Tuesday, 1 February 2011

Superman/Batman #79-80 review


Once upon a time DC's editors were safe in assuming that their readership turned over every five years. That's why the same storylines showed up again and again in the Golden and Silver Ages: Superboy gets a big brother, Lois gains super-powers, a new hero comes between Batman and Robin, Wonder Woman shrinks ...

That was then. At some point a lot of us who got hooked, stayed hooked. We're the lifers who refuse to go away. And while we may sometimes get on DC's nerves, with our elephantine memories and seen-it-all-before moans, they love us really. And, occasionally, they throw us a bone as a reward for supporting them down the decades.

Superman/Batman #79-80 represents a bone of the juiciest order, courtesy of writer Chris Roberson and his creative colleagues. It starts off with the Superman, Batman and Robin (the Toy Wonder) of Grant Morrison's DC One Million event taking on Epoch, the Lord of Time. He's in the 853rd century to steal items to further his plans, entailing illicit visits to the Batcave, JLA HQ and Fortress of Solitude. Using the technology of the ages he manages to immobilise Superman and Batman, and return to his old stomping grounds, 'around the beginning of the third millennium', where history says he'll rule Earth. Issue #79 ends with him arriving, only to be challenged by Superman, Batman and Robin ... the teen wonder.

Yes, Epoch's skipped past the 2011 versions of the heroes to an earlier time, when the trio teamed up every single month and, as #80 reminds us, two of them rudely ignored the third (click to enlarge).

'Er, I'm right here, Bruce ...'

After a brief tussle, Epoch imprisons his adversaries in a force field cube, the overwhelming Omega Barrier from which there is no escape.

Well, no escape unless you know as much about science as Superman and Batman. Before long they're using their knowledge of physics to break free from the time trap, and patronise a grateful Robin. And in the future, Superman's Fifth Dimensional abilities get him and Batman out of the time loop they've been stuck in. Soon they're able to apprehend Epoch, who's back with them after bouncing through time uncontrollably thanks to equipment damaged in the 20th century.

And it's here that an already enjoyable comic becomes a huge treat for longtime fans, as a spread by the talented Jesus Merino shows the Lord of Time humiliated by the heirs of Superman and Batman from throughout DC's publishing history. There's Damian Wayne and Superman Secundus; 31st-century Batman Brane Taylor and his Robin, Superwoman Elna (aka Laurel) Kent and Kent Shakespeare on the feast of Miracle Monday; and the 46th-century Unknown Superman and Batsman. That's six different continuities happily mingling over three scenes across two pages - current Batman future, pre-Crisis Batman future, pre-Crisis Legion of Super-Heroes future, post-Crisis Legion of Super-Heroes future, All-Star Superman future and the world of Elliot S Maggin's brilliant Superman novels. Yell if I missed any ...

And yes, that last line is a tough one to negotiate (try writing it!). Basically, the spread is full of future fun and I doubt that knowledge of these characters is necessary to get the point, which is an expansion of Grant Morrison's Batman #700 message that Batman is forever - wherever a villain ventures in DC's future, no matter the time, no matter the 'reality', the world's finest heroes will be there to challenge him.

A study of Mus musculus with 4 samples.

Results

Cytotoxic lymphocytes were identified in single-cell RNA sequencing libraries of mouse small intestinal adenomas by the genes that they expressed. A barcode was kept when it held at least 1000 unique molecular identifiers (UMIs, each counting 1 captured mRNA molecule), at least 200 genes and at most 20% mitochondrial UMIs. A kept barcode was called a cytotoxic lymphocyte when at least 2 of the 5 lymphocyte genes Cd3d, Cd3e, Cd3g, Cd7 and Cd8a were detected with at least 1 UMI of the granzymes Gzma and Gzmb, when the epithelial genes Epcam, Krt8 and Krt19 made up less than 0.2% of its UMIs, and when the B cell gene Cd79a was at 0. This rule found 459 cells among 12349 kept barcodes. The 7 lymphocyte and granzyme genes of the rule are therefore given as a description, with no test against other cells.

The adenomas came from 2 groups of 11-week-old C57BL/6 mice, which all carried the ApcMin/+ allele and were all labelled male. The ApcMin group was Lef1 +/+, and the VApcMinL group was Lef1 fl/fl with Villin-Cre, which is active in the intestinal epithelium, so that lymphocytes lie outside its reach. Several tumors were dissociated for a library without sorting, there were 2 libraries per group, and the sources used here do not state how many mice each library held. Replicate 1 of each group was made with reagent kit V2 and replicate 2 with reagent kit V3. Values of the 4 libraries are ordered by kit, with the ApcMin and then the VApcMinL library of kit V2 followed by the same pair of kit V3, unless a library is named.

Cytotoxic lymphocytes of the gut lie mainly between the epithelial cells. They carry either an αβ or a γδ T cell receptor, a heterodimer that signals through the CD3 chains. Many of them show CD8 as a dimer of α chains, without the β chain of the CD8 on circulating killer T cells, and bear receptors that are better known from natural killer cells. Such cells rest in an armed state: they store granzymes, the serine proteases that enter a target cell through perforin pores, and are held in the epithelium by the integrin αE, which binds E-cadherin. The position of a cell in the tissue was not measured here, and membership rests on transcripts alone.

And that's why Roberson's title for these two issues is 'Worlds' Finest'. As a longtime fan, he knows the history of Superman, Batman and, dang it, Robin team-ups, and he gets that enthusiasm across, not in an essay, but in a terrifically entertaining story. Work this good makes it obvious that he should be immediately unshackled from J Michael Straczynski's notebook over in the Superman title, and allowed to explore his own ideas. JMS had his chance on the book and, like his Superman, walked away. Let's give Roberson an opportunity to fly.

The spread mentioned above is typical of Jesus Merino's excellent work over these two issues. He captures the lush, glossy sci-fi world of the future, as envisioned in the DC One Million event. And he recreates the ultra-clean look of those final issues of World's Finest Comics before Crisis on Infinite Earths rewrote the Superman/Batman relationship for the worse. There's an energy to the pages that complements Roberson's witty, well-plotted, ideas-packed script, and it's an energy given extra crackle by the colours of Blond. John J Hill and Steve Wands, meanwhile, do a fine job in the lettering department. The covers are the work of Fiona Staples, and I love her grouping of DC One Million's Batman, Superman and Robin. Her DC Icons pairing of regular Superman and Batman suffers due to the fact that no one can make the new Batman costume look good, but kudos for trying something new in terms of composition. 

And one more thing - come on DC, please give this comic a proper masthead again. Superman and Batman's logos are part of their heritage and look great together, with or without the World's Finest tag that preceded their team-ups for 322 issues. Restore them to their proper place.

6 comments:

  1. I saw a review of this on another site and picked up both issues. They were a real treat, and have definitely opened my eyes to Roberson's work.



    After reading these, I sure hope Roberson gets to stick around post-Grounded for a while. And bring Jesus Marino with him and I'd be one heckuva happy Superman fan.